Bridging Disciplinary Boundaries (January 11 - 14, 2007)

Marina Room (Hyatt Regency San Francisco)

Educational Attainment of Youth Making the Transition to Adulthood from Foster Care

Judy Havlicek, MSW, University of Chicago and Mark E. Courtney, PhD, University of Chicago.

Educational attainment is a major indicator of SES and an important predictor of income and occupational prestige over the life course. In particular, graduation from college is a key factor in the status attainment process and a marker for success during the transition to adulthood. In spite of the fact that many youth who age out of care express interest in going to college, research has consistently shown that few of these youth will attain their goals (Barth, 1990; Blome, 1997; Cook, 1991; Courtney et al. 2001; Festinger, 1983).

Research on the conditions under which foster youth enroll in and graduate from college is very limited. We used data from the Midwest Evaluation of the Adult Functioning of Former Foster Youth (Midwest Study) to examine college attendance among youth exiting out-of-home care and to examine predictors of college enrollment. At age 19, 17% of the young adults in our sample were enrolled in a 2-year college program and 7% were enrolled in a 4-year college. However, our data also suggest that those youth who remained under the care and supervision of the child welfare system at age 19 were more than three times as likely to be enrolled in college as youth who had been discharged (37% versus 12%). Comparisons to data from the National Longitudinal Study of Adolescent Health (Add Health) show youth making the transition to adulthood from out-of-home care were much less likely to attend college than their same-aged peers in the general population.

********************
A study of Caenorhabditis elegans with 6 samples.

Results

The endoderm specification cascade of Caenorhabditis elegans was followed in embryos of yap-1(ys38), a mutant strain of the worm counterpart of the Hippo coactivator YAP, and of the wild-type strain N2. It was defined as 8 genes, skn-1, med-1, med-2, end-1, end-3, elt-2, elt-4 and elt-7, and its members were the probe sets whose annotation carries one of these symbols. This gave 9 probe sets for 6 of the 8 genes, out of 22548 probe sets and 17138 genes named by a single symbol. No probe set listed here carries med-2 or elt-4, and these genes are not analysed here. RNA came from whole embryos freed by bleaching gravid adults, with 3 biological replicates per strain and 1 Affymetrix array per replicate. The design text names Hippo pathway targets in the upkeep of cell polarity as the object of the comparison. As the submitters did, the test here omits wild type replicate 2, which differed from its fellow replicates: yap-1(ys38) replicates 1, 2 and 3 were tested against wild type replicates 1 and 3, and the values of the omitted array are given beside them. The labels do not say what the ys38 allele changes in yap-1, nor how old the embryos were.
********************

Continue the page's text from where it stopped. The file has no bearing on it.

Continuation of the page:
We estimated a probit model to better understand the factors that predict enrollment in a two- or four-year college among 19 year olds in our study. Independent variables included demographic characteristics; experiences prior to entering out-of-home care (e.g., maltreatment history); out-of-home care placement history; social support including closeness to family; psychological functioning including mental health diagnoses and delinquency; educational experiences through high school (e.g., failing grades, grade retention, scores on the Wide Range Achievement Test of Reading); and a dichotomous variable indicating whether youth were still in care at age 19. After controlling for the other variables in the model, being retained one or more grades and lower reading test scores decreased the estimated likelihood of college enrollment whereas remaining in care through age 19 increased the estimated likelihood of college enrollment. The subsequent estimation of a bivariate probit instrumental variable model provides evidence that the effect of remaining in care past age 18 on college enrollment was not simply the result of selection bias associated with the process of youth leaving or remaining in care.

Our findings suggest that educational deficits of foster youth, some of which are at least partly a function of their experiences in care (e.g., grade retention), have strong affects on their post-secondary educational attainment. Our findings regarding the relationship between remaining in care into early adulthood and college enrollment call into question federal and state policies that often force young people out of care at 18.